Tesla (NASDAQ: TSLA) has received some of its first outlooks from financial firms for 2021. Deutsche Bank is one of these firms, and the Wall Street-based company boosted its 2021 delivery guidance and revised its price target for the electric automaker.
Deutsche Bank went into the New Year paying close attention to Tesla’s 2020 delivery figures, as the company was chasing a lofty, but attainable, 500,000 vehicle production and delivery goal. Tesla released its Full-Year 2020 and Q4 2020 production and delivery figures on Saturday, revealing that it had attained its goals. For many years, Tesla has looked at 2020 as the year it would deliver half-a-million cars to its consumers, and many analysts looked at the company in doubt and disbelief, only to be proven wrong when the time came.
After Tesla’s remarkable 2020 showing, Deutsche Bank believes 2021 could be “pivotal” for the company’s future “with material revenue acceleration, benefitting from ramping up capacity and product lines across the globe.”
Tesla’s PT raised to $705 at Deutsche Bank$TSLA
— David Tayar (@davidtayar5) January 4, 2021
Deutsche Bank said that it had raised its 2021 delivery forecast by 25,000 cars, from 775,000 to 800,000, “taking revenue to $46bn, in-line with consensus,” analysts at the firm wrote in a note to investors. “Mid-term, we believe Tesla’s impressive target trajectory for its technology, capacity, and especially cost could help accelerate the world’s shift to electric vehicles and extend Tesla’s EV lead considerably,” the note also stated.
Tesla was, without a doubt, the big winner in the automotive industry in 2020. Only ten major automakers were able to report positive numbers in Q3 2020 compared to Q3 2019, and Tesla was the only one that was able to report substantial growth when comparing the two figures. After a 154.7% growth from Q3 2019 to Q3 2020, according to GoodCarBadCar, it was evident that EVs are here, and the ones that dawn the notorious Tesla “T” on the hood are the most popular.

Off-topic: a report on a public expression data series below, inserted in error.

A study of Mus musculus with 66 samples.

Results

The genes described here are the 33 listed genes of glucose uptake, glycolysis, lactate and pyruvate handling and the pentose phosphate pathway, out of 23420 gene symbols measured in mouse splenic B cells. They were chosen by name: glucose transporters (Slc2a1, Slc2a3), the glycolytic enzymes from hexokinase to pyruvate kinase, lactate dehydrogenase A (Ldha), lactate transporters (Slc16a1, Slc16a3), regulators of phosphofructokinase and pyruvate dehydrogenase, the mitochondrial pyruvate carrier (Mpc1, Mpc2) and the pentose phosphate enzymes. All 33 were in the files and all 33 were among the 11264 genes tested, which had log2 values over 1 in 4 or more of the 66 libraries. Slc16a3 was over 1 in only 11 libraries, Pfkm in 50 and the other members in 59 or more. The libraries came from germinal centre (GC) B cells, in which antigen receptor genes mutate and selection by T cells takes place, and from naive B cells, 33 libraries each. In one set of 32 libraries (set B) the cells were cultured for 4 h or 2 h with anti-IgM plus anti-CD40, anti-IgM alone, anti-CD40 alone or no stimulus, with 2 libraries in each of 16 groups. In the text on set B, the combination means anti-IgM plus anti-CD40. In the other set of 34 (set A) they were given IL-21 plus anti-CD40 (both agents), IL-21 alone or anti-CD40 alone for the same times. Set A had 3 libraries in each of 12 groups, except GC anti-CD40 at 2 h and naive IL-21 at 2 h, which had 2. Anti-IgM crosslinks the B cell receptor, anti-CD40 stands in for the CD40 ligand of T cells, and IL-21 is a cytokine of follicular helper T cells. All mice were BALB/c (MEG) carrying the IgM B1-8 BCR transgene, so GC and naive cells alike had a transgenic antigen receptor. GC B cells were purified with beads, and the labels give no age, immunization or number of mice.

It seemed like 2020 was a lost cause at the beginning of Q2 because Tesla was already forced to shut down Giga Shanghai in China and the Fremont Factory in Northern California due to the COVID-19 pandemic. Fremont, Tesla’s main facility, was closed for around a month and a half, which cause the automaker to report sub-100,000 numbers for the second quarter of the year. Many people considered it a lethal blow to Tesla’s 500k goal, but the automaker pulled out one of the most remarkable production and delivery pushes that it will likely ever see in its history.
Deutsche Bank is still banking on 2025 being Tesla’s breakout year, with a revenue of $94 billion and more than 2 million cars delivered during that year. However, near term forecasts still see significant growth in production and demand taking place, especially considering Tesla has two large-scale production facilities in the works in Texas and Germany.
Tesla also received a price target boost from $500 to $705, which is “based on the average of 50x our 2025 EPS (discounted back) and EV/sales multiple of 17.5x 2022 (vs. prior 12x) as we believe investor enthusiasm for high-quality pure EV plays and expected confirmation of ongoing technology lead by Tesla should continue to support higher valuation.”